Life, in general, emphasizes that what is standard rules. Go outside of standard at your own risk. And yet that is what I have done many times in my own life. What is not standard became more or less my standard. At a time when it was odd, I got married in my senior year of college instead of after graduation. I was moved by the logic of Zero Population Growth and my experience as a social worker with foster children to choose adoption over creating a baby. In the short-lived experiment in the 1970s of allowing white parents to adopt black foster children, we became a mixed-racial family. A decade later, Meryl Streep as Mrs. Cramer in the groundbreaking movie, "Cramer vs. Cramer," and I were among the very small minority of American women who divorced and left their children with their fathers.
I certainly didn't match the average world traveler that wandered the planet for almost two decades. I was solidly middle-aged and rather poor with a pack on my back when I made my own challenges and learned how to face them within a variety of cultures, especially in Asia. I wasn't an explorer who discovered places for the first time (although I was the first foreigner that some Chinese villagers had ever seen), but neither was I following well-trodden paths. I learned that I could avoid crowds by not following the crowd. In my own style, I thrived even in cultures where following the standard way was considered the only, the most important, the best way to live.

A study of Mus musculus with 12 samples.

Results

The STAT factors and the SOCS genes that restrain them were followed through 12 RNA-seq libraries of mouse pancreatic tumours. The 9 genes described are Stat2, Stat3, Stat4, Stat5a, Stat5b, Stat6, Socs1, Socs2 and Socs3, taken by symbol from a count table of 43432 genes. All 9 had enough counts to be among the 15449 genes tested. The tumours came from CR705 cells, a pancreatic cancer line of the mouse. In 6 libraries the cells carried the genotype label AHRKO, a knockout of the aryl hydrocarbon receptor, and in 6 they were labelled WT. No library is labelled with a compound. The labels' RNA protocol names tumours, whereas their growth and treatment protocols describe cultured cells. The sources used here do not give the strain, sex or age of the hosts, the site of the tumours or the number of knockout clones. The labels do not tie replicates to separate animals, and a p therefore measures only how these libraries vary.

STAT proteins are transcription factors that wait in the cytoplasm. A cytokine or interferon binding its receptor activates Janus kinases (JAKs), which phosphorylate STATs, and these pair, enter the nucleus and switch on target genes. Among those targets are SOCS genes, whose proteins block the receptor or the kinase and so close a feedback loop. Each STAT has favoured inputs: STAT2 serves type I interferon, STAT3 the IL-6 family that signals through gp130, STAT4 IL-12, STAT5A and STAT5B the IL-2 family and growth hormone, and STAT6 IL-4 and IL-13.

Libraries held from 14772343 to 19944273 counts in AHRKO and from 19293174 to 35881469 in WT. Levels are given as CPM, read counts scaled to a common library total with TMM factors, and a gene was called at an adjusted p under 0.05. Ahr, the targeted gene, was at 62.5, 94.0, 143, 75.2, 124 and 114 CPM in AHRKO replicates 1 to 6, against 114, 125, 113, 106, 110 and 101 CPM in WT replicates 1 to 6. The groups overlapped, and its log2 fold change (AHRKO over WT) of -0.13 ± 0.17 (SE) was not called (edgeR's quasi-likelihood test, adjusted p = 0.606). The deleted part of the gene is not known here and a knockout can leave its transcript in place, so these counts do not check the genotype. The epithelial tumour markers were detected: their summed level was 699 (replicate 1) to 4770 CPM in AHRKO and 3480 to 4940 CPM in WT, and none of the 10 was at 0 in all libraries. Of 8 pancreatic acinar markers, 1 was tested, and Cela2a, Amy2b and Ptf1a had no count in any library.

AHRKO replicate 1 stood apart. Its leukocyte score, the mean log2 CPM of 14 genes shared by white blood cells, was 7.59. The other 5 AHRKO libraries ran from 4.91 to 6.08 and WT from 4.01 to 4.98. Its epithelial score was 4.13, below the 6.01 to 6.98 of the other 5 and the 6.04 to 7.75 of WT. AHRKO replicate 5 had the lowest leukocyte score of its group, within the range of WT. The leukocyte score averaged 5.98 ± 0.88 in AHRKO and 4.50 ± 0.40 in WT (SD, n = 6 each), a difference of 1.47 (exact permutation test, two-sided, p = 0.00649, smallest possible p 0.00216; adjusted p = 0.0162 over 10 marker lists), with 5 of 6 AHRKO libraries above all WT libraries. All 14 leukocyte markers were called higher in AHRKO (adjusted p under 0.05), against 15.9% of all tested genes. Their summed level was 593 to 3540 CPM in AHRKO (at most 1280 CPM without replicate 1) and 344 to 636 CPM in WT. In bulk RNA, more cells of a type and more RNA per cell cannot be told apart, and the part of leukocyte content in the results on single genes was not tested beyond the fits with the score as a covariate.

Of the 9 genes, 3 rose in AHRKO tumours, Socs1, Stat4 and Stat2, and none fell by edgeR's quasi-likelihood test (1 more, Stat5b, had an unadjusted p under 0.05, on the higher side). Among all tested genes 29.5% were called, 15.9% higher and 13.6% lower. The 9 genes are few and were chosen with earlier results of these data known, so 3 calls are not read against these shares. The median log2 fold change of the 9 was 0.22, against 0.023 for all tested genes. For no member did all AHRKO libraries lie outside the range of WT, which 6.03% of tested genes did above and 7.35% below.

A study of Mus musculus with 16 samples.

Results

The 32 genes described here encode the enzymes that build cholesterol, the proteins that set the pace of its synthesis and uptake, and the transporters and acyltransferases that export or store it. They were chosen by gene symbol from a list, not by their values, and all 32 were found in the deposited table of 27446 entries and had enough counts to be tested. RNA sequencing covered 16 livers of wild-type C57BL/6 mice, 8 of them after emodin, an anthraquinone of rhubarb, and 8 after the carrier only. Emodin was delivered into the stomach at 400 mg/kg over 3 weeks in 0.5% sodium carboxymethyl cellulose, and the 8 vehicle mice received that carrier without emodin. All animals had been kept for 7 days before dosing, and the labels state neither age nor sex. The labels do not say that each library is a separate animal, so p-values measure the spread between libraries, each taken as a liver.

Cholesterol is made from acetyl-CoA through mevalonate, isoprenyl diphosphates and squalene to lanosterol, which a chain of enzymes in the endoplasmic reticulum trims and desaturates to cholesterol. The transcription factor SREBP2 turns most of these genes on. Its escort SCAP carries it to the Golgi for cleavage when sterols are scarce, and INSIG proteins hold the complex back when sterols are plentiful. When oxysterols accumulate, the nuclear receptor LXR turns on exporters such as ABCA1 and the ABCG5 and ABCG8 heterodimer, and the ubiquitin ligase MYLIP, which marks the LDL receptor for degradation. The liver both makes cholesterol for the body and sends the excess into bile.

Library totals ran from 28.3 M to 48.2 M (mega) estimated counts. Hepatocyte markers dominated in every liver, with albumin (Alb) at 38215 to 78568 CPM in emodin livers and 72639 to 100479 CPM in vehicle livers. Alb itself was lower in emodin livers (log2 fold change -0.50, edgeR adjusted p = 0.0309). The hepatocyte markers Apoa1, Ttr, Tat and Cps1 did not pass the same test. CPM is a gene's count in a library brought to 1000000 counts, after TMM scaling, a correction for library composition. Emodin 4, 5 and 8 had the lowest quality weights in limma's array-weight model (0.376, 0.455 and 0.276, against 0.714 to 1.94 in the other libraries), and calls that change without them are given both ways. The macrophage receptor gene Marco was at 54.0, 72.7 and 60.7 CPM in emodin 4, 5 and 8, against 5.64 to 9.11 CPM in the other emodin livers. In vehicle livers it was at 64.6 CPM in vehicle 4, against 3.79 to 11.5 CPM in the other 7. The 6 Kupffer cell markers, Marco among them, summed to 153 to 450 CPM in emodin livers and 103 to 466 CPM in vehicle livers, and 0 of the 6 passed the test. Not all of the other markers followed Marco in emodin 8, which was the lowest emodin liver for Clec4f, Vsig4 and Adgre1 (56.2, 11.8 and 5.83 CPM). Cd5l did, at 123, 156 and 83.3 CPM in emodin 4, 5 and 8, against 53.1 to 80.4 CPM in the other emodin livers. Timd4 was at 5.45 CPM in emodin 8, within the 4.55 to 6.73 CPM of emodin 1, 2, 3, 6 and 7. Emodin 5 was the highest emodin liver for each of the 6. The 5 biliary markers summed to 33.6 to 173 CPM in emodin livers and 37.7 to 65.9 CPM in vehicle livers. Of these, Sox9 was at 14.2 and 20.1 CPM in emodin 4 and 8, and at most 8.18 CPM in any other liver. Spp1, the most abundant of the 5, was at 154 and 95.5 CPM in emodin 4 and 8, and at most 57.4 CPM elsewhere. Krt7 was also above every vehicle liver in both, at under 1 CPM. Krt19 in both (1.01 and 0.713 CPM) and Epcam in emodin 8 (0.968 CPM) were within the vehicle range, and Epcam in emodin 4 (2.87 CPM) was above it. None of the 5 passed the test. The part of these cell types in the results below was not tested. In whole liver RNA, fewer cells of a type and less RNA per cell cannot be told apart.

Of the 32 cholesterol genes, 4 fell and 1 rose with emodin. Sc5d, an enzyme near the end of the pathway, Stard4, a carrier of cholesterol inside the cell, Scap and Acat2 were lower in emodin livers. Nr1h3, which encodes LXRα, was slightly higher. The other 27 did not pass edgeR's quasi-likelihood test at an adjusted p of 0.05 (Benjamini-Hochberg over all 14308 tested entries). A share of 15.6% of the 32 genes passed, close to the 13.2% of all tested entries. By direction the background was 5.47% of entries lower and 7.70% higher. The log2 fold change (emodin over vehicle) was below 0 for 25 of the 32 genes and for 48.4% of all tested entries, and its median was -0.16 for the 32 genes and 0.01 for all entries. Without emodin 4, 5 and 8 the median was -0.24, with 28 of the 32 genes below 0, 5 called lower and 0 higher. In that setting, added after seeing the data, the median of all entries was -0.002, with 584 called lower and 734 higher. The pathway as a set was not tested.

Now I live in a retirement community. I buck the tide by not making medical care my major concern. I don't take the standard medications and standard tests that the majority of seniors take. And I get my 8 hours of sleep at a very non-standard time.
Yes, there are risks. And there are losses that accompany not adhering to the standard. I don't have enough money to be considered eccentric. And I'm not quite strange enough to be considered crazy. I am, well, odd.
I feel a certain kinship to people like Izhar Gafni of Israel who has invented a 95% cardboard and 100% recyclable bicycle. People told him it couldn't be done. It is cheap. It is light. It is practical. It is odd. But it works well.
Visit http://www.zimatravels.com and Follow the Senior Hummingbird as she wanders, wonders, and writes.